Daughter From Another Mother review – Mexican dramedy challenges the idea of family

January 21, 2021
Jonathon Wilson 0
Netflix, TV Reviews
3.5

Summary

Daughter From Another Mother uses a familiar concept to unpack the idea of family, delivering laughs and genuine sentiment in about equal measure.


Summary

Daughter From Another Mother uses a familiar concept to unpack the idea of family, delivering laughs and genuine sentiment in about equal measure.

This review of Daughter From Another Mother is spoiler-free.


You’d think that the crux of Daughter From Another Mother, a new nine-part Mexican dramedy now streaming on Netflix, would be in two women taking home the wrong children. As it happens, that’s just the hook. The real fun begins when, a few months later, those same two women are told about the mistake and have to swap back, having already developed a significant bond.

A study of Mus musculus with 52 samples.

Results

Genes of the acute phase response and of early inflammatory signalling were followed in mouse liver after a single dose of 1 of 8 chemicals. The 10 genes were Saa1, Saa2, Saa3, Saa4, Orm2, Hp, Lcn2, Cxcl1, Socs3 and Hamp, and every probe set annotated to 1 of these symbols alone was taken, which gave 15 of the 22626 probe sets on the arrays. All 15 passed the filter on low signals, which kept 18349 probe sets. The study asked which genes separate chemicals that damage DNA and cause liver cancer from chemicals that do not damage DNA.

That’s much meatier territory, both for drama and for comedy, especially once two separate families become one large, peculiar one in order to try and make the dynamic work. Naturally, both mothers are radically different in their values, socioeconomic status, and approach to mothering, so there’s conflict there, but both also have people and responsibilities in their lives — cheating spouses, unreliable baby-daddies, money woes, etc. — that complicate matters further.

At 40 minutes an episode, Daughter From Another Mother has plenty of time and space to punctuate the jokes with genuine sentiment and character development. It’s a funny show, this, and has already proved popular here and there, but its real strength is in the relatively realistic approach it takes to the premise, really leaning into the idea of the mother-daughter bond as a primitive impulse, by no means dependent on biological relation. Big questions of what it means to be a parent, how quickly emotional connections can form, and how difficult they can be to break, give what would otherwise be a light and inconsequential series a real sense of dramatic heft.

With a second season already on the horizon, Netflix might be onto another international hit here. The episodes being entirely in subtitled Spanish with no English dubbing options might be an obstacle for some, but it’s worth putting aside for the sake of a personable, funny, and sometimes moving dramedy.